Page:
Fallout 4 Impressions

I’m seven hours in, and I’ve owned it since day 1. Given I haven’t had a ton of free time, that’s still kind of telling. I think I put twice as much time into The Witcher 3 at this point. Honestly, I’d probably rather be playing Destiny. Really early game spoilers below.

Seriously, I’m going to talk about my first seven hours with this game.

The start, the world before the bomb, looked good, it was a nice change of pace, but it was totally unnecessary. Unless they’re going to use those assets again somewhere, it seemed like a lot of effort to do something that would’ve been just as well served with a cutscene.

Everything immediately following emerging from the vault moves entirely too fast, and makes the game feel really small. I mean, I was immediately thrown into defending a “good” group of people, handed a suit of power armor and a minigun, and I killed a deathclaw. Thinking back to how hard it was to get those kinds of things, much less kill a deathclaw, in previous games, it feels like Fallout 4 is either trying too hard to make a strong first impression, or showing that these things aren’t going to be as useful in this game as they were in previous games.

Even more pernicious, I’ve already been handed several laser weapons. It’s really hard to determine if I’ve just stumbled upon a quest that’s breaking the game, or these are going to be worthless soon. Again, these are things that were hard to come by in the older games. Also, I’ve already been invited to join the Brotherhood of Steel. Knowing how the Brotherhood has been portrayed in previous games, I couldn’t possibly jump right in without getting more context.

Here we go, I’m going to say it: the settlement stuff feels dumb. I don’t want to play Sim City. I don’t want to be a pack mule to find stuff to make my settlement less shitty. A lot of the tutorial stuff wasn’t particularly well explained either. It took me a while to figure out I could use existing structures. Then assigning workers and planting didn’t make a lot of sense. Doing everything from the first person perspective doesn’t feel good either.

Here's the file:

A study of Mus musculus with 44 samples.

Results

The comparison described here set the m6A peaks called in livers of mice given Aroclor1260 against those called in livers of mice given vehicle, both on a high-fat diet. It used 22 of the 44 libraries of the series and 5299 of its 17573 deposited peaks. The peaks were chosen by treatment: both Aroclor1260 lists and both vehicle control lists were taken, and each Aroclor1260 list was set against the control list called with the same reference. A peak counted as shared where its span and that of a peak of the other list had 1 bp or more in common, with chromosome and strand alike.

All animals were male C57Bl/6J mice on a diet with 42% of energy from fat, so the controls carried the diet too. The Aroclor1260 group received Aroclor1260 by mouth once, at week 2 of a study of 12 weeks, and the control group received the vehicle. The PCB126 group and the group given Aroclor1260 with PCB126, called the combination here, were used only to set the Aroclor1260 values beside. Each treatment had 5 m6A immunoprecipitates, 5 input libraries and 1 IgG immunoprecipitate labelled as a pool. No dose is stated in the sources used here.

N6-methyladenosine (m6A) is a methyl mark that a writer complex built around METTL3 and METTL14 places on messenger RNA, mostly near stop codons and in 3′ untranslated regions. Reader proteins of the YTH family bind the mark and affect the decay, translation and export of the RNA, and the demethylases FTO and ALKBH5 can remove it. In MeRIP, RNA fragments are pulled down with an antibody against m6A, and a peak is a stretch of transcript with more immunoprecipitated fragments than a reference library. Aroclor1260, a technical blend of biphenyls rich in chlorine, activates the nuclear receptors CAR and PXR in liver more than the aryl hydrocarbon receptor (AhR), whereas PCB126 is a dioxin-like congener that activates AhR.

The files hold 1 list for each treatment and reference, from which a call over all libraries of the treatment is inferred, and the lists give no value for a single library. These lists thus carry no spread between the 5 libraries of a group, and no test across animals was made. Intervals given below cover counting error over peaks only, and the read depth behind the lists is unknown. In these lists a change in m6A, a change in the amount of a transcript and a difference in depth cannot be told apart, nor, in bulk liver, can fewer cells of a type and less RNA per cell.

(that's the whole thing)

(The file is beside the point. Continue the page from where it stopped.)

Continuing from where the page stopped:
Inventory management, as in most Bethesda games, sucks. When I pick up new stuff, I have to do a lot of comparisons to see if what I got is better than what I have. It’s complicated further by all the weapon mods. Is a glow-sighted hunting rifle better than compensated high-powered pipe rifle? Shit I don’t know. And if it isn’t, I can’t figure out how to remove mods and slap them on a different weapon. Scrapping weapons just gives me a bunch of steel, not the individual parts I’d need to rebuild the mods. It took me a bit to figure out that I’d be better off wearing separate pieces of armor that covered body parts than a whole suit, but the first thing I ran into was a whole suit that was better than what I was wearing. When I got a piece of armor, it wasn’t better than the whole suit so I tossed it. Then I noticed I couldn’t modify the whole suit, but I could mod the hell out of the piece of shoulder armor I had. That was my hint that I should be gathering pieces of armor instead of wearing whole suits.

But here’s the real enthusiasm-killer for me: Fallout 4 doesn’t look or feel particularly different, or even better, than previous games. Combined with other Bethesda RPGs, like Oblivion and Skyrim, it feels like I’ve played this game before, several times even. The stuff that’s new (weapon mods, armor mods, settlements) doesn’t feel good, and the rest feels way too familiar. It hasn’t done anything new yet that I like.

I bought Fallout 4 on a whim, really. I didn’t follow its development much. When the release day came up, I decided to buy it outright. It’s only the second full $60 brand new game I’ve bought this year, the other being The Witcher 3. Ever since Fallout 3 and Oblivion, I’ve held the opinion that I should wait on Bethesda RPGs to get cheaper, or all the DLC is released and there’s a complete edition of the game. I didn’t stick to it, like at all, but I didn’t buy Skyrim or New Vegas without waiting at least for a sale. I really enjoyed those games and I definitely got my money’s worth. I likewise loved the hell out of Fallout 3, and I bought the super special edition of that game.

So why would I hesitate to buy Fallout 4 on release day? Because it leads to this exact kind of post-purchase questioning. I was way into Destiny when Fallout 4 came out, and I still had a handful of games I wanted to play. A game like Fallout 4, where I’m not entirely sucked into it immediately, would do better for me when I’m bored, not when I’m swimming in fun games to play. I’m certain I’ll put more time into Fallout 4, and I’ll enjoy myself, but I’ll probably put it down a few times, and play other games instead. I could’ve waited on this one.